Press: What's Donald Trump trying to hide?

You thought the battle over whether the full Mueller report should be released was heating up? Fuhgetaboutit! That’s nothing compared to the all-out war between Congress and the White House over release of President TrumpDonald John TrumpRussia's election interference is a problem for the GOP Pence to pitch trade deal during trip to Michigan: report Iran oil minister: US made 'bad mistake' in ending sanctions waivers MORE’s tax returns.

That war broke out when new House Ways and Means Committee Chairman Richard NealRichard Edmund NealOvernight Health Care: Social Security won't be able to fund full payouts by 2035 | Drug companies under scrutiny from Congress boost lobbying | US on pace to break record for measles cases On The Money: Cain withdraws from Fed consideration | Says he didn't want 'pay cut' | Trump sues to block subpoena for financial records | Dems plot next move in Trump tax-return battle Social Security won't be able to fund full payouts by 2035 MORE (D-Mass.) filed a request with the IRS, requesting release of six years of Trump’s tax returns by April 10. Trump immediately fired back with the now-standard response: As much as he’d like to, he can’t release his tax returns because he’s under audit; and this is all a political trick to embarrass the president. Neither of which holds water.

Must Trump, as president, do what he refused to do as candidate and release his tax returns? In the end, the Supreme Court may decide this issue. But, in the meantime, there are six things we know with certainty.


One. The law could not be more clear. Section 6103(f) of the IRS Code says that the Treasury secretary, through the IRS commissioner, “shall furnish” — not “may” furnish, but “shall” furnish — any individual’s tax return to the chairs of three congressional committees “upon written request.” There is no exception allowed for any elected official, not even the president, nor for anybody under audit. Ironically, this law was adopted in 1924, after the Teapot Dome scandal, to give Congress the power to protect against financial improprieties by any president or Cabinet member.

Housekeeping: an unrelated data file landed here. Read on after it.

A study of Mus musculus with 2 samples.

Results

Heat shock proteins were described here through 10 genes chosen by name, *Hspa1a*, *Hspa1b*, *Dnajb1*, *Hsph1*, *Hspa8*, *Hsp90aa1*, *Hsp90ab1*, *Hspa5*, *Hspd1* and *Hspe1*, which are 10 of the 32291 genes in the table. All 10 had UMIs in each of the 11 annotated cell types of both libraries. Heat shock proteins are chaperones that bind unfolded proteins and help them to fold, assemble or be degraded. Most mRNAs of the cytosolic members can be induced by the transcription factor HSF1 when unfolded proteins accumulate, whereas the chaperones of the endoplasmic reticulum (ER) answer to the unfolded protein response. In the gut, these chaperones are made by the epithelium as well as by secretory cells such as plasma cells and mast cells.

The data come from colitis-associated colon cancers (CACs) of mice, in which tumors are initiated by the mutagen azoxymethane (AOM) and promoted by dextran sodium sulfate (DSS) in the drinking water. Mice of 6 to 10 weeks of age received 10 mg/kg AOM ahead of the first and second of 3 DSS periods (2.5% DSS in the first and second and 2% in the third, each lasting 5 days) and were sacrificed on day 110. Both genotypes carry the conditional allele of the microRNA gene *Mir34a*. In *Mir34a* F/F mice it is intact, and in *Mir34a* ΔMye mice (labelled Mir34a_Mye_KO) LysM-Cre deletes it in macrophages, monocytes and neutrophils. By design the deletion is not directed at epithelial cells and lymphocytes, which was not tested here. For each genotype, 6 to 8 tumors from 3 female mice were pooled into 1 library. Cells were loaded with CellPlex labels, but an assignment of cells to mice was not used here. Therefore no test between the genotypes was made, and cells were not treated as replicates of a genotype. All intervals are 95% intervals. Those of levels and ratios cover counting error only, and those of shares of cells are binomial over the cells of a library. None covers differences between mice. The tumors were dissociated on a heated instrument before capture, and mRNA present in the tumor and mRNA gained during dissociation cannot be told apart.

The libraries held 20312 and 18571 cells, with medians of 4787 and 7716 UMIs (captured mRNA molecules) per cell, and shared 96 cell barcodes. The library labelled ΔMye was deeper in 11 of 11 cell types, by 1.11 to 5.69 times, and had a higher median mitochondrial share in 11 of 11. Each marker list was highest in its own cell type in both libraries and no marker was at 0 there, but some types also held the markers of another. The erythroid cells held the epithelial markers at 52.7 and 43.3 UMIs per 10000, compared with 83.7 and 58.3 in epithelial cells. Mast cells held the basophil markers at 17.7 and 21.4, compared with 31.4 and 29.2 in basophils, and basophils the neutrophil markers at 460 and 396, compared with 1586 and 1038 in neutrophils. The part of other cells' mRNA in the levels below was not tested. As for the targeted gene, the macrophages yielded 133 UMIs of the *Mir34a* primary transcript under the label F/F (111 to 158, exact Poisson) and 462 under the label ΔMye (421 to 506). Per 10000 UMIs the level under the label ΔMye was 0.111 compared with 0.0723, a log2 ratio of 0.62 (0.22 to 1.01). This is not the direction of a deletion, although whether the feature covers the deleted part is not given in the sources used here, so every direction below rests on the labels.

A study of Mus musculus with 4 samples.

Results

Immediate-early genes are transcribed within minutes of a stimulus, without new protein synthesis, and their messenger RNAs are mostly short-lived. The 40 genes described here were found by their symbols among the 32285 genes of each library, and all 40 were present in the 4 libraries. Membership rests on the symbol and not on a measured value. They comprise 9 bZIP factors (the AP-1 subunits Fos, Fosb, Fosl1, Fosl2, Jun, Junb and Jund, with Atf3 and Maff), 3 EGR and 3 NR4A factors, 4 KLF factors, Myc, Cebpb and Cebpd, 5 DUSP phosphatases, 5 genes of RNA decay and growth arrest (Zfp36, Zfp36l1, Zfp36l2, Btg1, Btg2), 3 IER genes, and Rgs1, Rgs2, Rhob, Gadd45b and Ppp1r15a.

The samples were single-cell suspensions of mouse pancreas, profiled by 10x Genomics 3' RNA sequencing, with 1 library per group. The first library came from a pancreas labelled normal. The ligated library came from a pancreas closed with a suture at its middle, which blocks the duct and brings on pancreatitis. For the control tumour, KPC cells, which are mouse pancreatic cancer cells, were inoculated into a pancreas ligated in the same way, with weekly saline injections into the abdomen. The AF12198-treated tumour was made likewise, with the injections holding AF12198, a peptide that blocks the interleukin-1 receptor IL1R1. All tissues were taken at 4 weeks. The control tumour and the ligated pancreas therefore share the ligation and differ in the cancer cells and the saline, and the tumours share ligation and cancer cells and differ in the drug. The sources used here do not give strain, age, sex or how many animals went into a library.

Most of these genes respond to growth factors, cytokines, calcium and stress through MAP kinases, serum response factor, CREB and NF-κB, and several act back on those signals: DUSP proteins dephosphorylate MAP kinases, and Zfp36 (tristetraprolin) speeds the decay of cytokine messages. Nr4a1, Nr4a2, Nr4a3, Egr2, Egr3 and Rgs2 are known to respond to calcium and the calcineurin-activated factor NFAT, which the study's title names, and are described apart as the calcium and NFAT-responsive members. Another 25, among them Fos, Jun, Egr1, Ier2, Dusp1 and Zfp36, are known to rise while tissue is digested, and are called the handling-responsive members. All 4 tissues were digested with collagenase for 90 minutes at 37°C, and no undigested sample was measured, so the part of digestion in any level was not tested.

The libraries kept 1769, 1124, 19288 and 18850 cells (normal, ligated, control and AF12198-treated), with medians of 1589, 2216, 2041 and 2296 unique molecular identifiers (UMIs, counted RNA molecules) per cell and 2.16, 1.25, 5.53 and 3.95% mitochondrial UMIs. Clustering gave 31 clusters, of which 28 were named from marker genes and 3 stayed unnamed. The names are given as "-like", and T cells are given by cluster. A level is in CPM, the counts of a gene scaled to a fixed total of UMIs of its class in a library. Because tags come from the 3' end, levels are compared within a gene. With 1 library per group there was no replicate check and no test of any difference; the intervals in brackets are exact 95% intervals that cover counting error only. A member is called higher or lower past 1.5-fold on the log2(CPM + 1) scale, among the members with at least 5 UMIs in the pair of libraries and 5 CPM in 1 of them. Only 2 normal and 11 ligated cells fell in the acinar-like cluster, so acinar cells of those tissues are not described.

Two. Releasing one’s tax returns is standard form. Every president since Richard Nixon has done so, without protest. And so has every major party presidential candidate, Republican and Democrat, since the 1980s. Some released more than others. Mitt RomneyWillard (Mitt) Mitt RomneyMJ Hegar announces Texas Senate bid On The Money: Cain withdraws from Fed consideration | Says he didn't want 'pay cut' | Trump sues to block subpoena for financial records | Dems plot next move in Trump tax-return battle Pelosi downplays impeachment post-Mueller report MORE and John McCainJohn Sidney McCainIf you don't think illegal immigrants are voting for president, think again 10 factors making Russia election interference the most enduring scandal of the Obama era Earth Day founder's daughter: Most Republican leaders believe in climate change in private MORE each offered up the most recent two years of returns; Hillary ClintonHillary Diane Rodham ClintonTrump rips Krugman, NYT after columnist writes GOP no longer believes in American values Klobuchar jokes to Cuomo: 'I feel you creeping over my shoulder' but 'not in a Trumpian manner' Dems seek to rein in calls for impeachment MORE, eight years. 

Three. No matter what Donald Trump says, being under audit is no excuse for not releasing the returns. Again, the IRS Code provides no special protection for those being audited. As president, Richard Nixon’s returns were under audit. When requested by Congress, he released them anyway. Further complicating things, we don’t even know for sure that Trump’s returns are under audit. We have no evidence for it, other than Trump’s word — which, as we’ve learned, isn’t worth much.

Four. If, in fact, the IRS is auditing Trump’s tax returns and, as he complains, has been doing so for several years, that fact in and of itself indicates Trump has a problem. They must have found serious irregularities to merit such sustained attention. They’re not wasting their time investigating nothing. Which tells all you need to know about Trump’s response.

Five. The very fact that Trump won’t follow the lead of every other modern-day candidate and president by releasing his tax returns shouts loudly and clearly that he has something to hide. Who knows what? Maybe that he’s not as wealthy, or didn’t give as much to charity, as he brags about, or didn’t pay his fair share of taxes. Whatever it is, it’s not good news for him, which is the only reason why Trump wants to keep it a secret. 

Six. In the end, Trump will lose this battle, so he might as well surrender his tax returns now. One White House official told CNN: “This is a hill and people would be willing to die on it.” Given that the law is so clear, it’s a dumb hill to die on.

Press is host of “The Bill Press Show” on Free Speech TV and author of “From the Left: A Life in the Crossfire.”